HERE WeGo is one of only a few serious competitors to Google Maps in the navigation app space. It features a simple, elegant interface with mapping options all over the world. You can download maps for offline use in your region. That should help in areas with spotty data connections. HERE also shows you traffic information (where available), public transit maps, and you can customize by saving places for quick directions later. It’s all free to use. There is also a map creator app that can let you alter maps as well.
MapFactor is one of the low key popular navigation app options. It includes the basic navigation and GPS features. It uses OpenStreetMap. That means you can get free offline maps that are updated monthly if you want. There are additional map options as well, but they may cost money. Some of the other features includes voice directions, cross-border routing, 2D and 3D modes, day and night themes, and more. This GPS app also has support for dozens of countries around the world. It’s not half bad for what you get.
MapQuest has undergone many redesigns over the years. However, it’s the same sturdy service we’ve known about since the good old days. It employs the standard turn-by-turn directions. There are also other features such as live traffic updates (where available), re-routing directions based on traffic, and a service to find cheaper gas. You can even use it to call a tow truck if you break down. It’s not as good as Google Maps or as effect at finding cheap gas as GasBuddy. However, it’s a great way to kill two birds with one stone.
Google Maps is about as good as it gets in the navigation app and GPS app space. It has a metric ton of features. You’ll get the standard turn-by-turn directions. There is also live traffic updates, info about public transit schedules (where available), and it contains information about virtually every business known to man based on location. It’s the one we’d recommend you try and get used to first because it’s difficult to find a replacement for all of its features. It’s free and you can even download maps offline for temporary use. You can also download Google Street View to get even closer looks at destinations, businesses, and even houses.
Maps.me is another free navigation app and GPS app. It features offline maps, turn by turn directions, and updated maps via OpenStreetMap. There is also bookmarking locations, offline searching, traffic data (where available), and worldwide support. It’s about as close to a Google Maps competitor as it gets. It should work for most people most of the time. Some have reported some issues here and there, but nothing overly worrisome. The app is completely free with no in-app purchases.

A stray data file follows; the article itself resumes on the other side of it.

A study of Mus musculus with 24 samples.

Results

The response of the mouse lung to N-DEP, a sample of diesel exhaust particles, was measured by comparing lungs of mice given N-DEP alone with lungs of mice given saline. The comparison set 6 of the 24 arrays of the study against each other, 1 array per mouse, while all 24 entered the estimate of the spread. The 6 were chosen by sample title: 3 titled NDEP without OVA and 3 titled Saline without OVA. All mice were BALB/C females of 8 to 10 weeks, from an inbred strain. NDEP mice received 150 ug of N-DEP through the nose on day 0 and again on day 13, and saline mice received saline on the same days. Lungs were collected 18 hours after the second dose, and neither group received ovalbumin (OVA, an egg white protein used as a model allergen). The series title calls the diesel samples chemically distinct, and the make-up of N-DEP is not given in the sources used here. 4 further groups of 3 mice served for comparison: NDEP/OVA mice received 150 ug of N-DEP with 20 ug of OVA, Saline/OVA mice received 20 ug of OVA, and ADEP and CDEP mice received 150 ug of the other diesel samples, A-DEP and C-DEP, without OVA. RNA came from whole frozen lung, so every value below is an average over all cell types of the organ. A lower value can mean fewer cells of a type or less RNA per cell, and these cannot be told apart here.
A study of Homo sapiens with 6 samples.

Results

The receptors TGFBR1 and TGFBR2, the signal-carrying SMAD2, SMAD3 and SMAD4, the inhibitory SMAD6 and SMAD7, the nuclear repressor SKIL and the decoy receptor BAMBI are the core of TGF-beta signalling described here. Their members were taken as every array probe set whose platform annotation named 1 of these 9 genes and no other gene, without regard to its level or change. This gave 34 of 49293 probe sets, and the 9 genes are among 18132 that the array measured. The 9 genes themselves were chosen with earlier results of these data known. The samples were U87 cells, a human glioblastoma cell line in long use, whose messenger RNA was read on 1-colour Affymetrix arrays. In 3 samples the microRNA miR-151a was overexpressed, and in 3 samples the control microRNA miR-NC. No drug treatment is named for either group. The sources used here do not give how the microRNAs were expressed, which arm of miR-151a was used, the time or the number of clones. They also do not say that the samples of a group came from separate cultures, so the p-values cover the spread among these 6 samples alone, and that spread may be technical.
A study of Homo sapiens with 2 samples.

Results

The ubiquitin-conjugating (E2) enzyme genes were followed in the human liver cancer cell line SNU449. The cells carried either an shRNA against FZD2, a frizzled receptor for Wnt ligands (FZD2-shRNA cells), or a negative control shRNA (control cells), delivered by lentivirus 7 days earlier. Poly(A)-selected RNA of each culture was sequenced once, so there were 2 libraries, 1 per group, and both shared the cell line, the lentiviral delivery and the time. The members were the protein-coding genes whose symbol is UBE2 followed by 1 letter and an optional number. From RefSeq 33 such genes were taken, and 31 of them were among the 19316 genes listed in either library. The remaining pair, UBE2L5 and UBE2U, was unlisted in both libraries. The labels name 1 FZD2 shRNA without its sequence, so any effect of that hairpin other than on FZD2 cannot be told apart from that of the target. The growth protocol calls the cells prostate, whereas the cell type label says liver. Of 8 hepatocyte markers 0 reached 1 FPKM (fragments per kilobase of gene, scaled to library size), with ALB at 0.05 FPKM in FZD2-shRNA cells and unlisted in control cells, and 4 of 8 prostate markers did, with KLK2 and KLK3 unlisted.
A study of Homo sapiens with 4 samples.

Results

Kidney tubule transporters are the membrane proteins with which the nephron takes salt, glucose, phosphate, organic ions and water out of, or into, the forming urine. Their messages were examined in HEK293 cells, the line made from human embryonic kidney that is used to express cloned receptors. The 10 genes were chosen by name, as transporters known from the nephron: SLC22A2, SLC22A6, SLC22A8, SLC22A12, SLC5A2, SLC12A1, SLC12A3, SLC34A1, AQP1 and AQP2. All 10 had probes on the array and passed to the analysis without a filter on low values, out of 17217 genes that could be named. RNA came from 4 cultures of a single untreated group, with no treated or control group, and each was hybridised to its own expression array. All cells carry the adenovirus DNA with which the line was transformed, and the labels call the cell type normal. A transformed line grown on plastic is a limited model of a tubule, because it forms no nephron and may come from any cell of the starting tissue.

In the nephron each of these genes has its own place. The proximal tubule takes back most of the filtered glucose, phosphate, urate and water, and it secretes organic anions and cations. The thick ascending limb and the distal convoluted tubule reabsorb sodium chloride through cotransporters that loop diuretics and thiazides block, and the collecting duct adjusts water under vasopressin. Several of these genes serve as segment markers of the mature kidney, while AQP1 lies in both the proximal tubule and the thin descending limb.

Polaris Navigation tries to be the all-in-one navigation app and in most cases it succeeds. Its biggest feature is that it has access to Google Maps, OpenStreetMap, MapQuest maps, and Cycle Route Maps. So whatever source you want is the one you get. It also features multiple coordinate formats, trail recording, a unique waypoint management system, and your standard stuff like turn-by-turn directions. There are also a handful of features for activities like hiking, camping, fishing, hunting, and other outdoor activities. It looks old, but it works well.
Sygic is a monumentally popular navigation app that boasts over 50 million downloads to date. Like others on this list, it provides downloaded maps for offline use except this one uses TomTom maps. It has the usual features like turn-by-turn, voice guided directions (which include voice-spoken street names so you can concentrate on driving), alternate routes, and even a speed limit display. You can unlock additional features by purchasing one of the app’s lifetime licenses. They are rather expensive, but at least you only have to buy them one time.
Scout GPS is actually an older GPS app with a fresh coat of paint. It used to be called TeleNav and it’s changed it’s name, icon, and appearance to give it a fresh look. It’s still a reliable and stable navigation app with all of the basic features, including turn-by-turn navigation. However, Scout GPS focuses more on people rather than navigation which gives it a unique flavor. It can do things like text people automatically with your ETA and alert you when other people need you. The location-based, social media element helps separate it from the pack. Especially if you have a family to drive around. Those looking for hardcore navigation features may need to look elsewhere, though.
Waze is the second Google navigation app on the list. It shares a few features with Google Maps. However, Waze is still excellent on its own. It features live traffic updates, sourced by the people who actually drive in traffic. You can make sure you’re not speeding, check where police may be, and find other useful driving information. It can also find cheaper gas on your route, has location sharing with friends, and there is even a ranking system for those who really contribute to the experience. It’s entirely free with no in-app purchases. It’s one of the best.
If we missed any of the best GPS apps or navigation apps for Android, tell us about them in the comments!